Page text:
Genealogy is fun because when you solve one mystery, one or two more takes its place. And that is what happened this week when two Stafford County historians visited us so we could show them what we believe is the site of the John England (1755-1851) homestead.
|Exploring the root cellar of England house site|
They were delighted to see the well and then the depression where the two room ~18 x 29 foot frame house stood. The depression indicated this house had a root cellar. The front door stone was located, and position of walls was determined. An essay by an England family descendant mentioned the 2 x 2 ft rose quartz stones used for the foundation, and indeed those stones were found.
|Stafford Historian Jerrilynn Eby MacGregor|
“You just made my day,” she exclaimed. There in plain sight, though previously missed by us, were terraces cascading down the hill towards the river. “Keeper of the knowledge” for Stafford County, Jerrilynn Eby MacGregor and her husband Rick have been documenting terraces found in Stafford County. She said this terrace would be either the 19th or 20th found so far. She explained that terraces were in vogue in the early 1700s, and so might predate the England family’s ownership of the property. First mystery of the day: She thought she knew who owned the land during that time period, but who exactly built, resided there and had enough money for slaves to build these terraces?
On to England Run where there are two dams that have us stumped as to their use. The first possibility was a mill, though Jerrilynn couldn’t find enough evidence that one existed on the only flat surface downstream. To confuse things, the dam was made partially of concrete, an expense not likely to be incurred for a family gristmill, which brought us to our second mystery.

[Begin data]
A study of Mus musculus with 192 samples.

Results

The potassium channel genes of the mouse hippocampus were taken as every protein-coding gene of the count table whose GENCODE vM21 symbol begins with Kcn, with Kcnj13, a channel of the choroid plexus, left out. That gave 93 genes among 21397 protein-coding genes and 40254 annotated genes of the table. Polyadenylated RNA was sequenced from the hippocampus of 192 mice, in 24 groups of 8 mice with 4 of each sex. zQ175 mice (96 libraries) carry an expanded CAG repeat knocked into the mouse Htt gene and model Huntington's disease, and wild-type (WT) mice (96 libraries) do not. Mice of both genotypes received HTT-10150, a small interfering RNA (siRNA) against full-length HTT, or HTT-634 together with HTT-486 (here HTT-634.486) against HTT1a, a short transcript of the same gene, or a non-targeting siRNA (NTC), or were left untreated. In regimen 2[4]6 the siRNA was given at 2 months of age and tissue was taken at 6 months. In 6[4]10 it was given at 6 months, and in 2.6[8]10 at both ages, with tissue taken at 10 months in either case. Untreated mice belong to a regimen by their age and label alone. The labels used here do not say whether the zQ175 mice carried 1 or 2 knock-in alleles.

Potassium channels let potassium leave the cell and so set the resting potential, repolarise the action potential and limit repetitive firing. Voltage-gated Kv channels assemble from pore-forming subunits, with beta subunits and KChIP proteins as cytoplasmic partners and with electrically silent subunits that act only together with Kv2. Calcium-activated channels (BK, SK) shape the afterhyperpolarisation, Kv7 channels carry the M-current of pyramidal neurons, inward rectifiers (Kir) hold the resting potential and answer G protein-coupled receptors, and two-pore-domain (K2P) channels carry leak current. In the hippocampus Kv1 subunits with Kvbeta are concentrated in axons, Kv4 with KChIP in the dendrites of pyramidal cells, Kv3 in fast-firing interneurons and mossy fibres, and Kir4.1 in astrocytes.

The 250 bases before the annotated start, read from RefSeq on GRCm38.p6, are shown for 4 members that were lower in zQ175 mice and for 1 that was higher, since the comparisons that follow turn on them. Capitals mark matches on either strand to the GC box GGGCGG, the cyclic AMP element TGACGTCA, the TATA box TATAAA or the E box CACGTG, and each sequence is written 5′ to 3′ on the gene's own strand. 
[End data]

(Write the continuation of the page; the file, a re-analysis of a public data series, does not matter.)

We walked a fair ways to what we believe is the England cemetery. A concern was raised that the cemetery was located too far from the house. Jerrilynn told us usually burials were just out the back door. And that whites and slaves might very well be buried in the same location, though with some sort of separation. We spent time shuffling leaves with our feet desperately looking for some sign of a house – a depression, pile of bricks, etc. Nothing. We kept in mind that since the Union soldiers had marched through this area 150 years ago, any rocks or bricks might have been removed to build fire pits. Our third mystery presented itself, and different scenarios were suggested. Maybe the first male to die wanted to be buried on a high point overlooking the river. Jerrilynn gave us a homework assignment – in April we are to comb that area looking for daffodils. If we find any, that might be where a house once stood.
In the meantime, we are going back to the drawing board regarding the England family, and the land on which their property stood. Hopefully there will be more to the story at a later date and that some of these mysteries will be solved.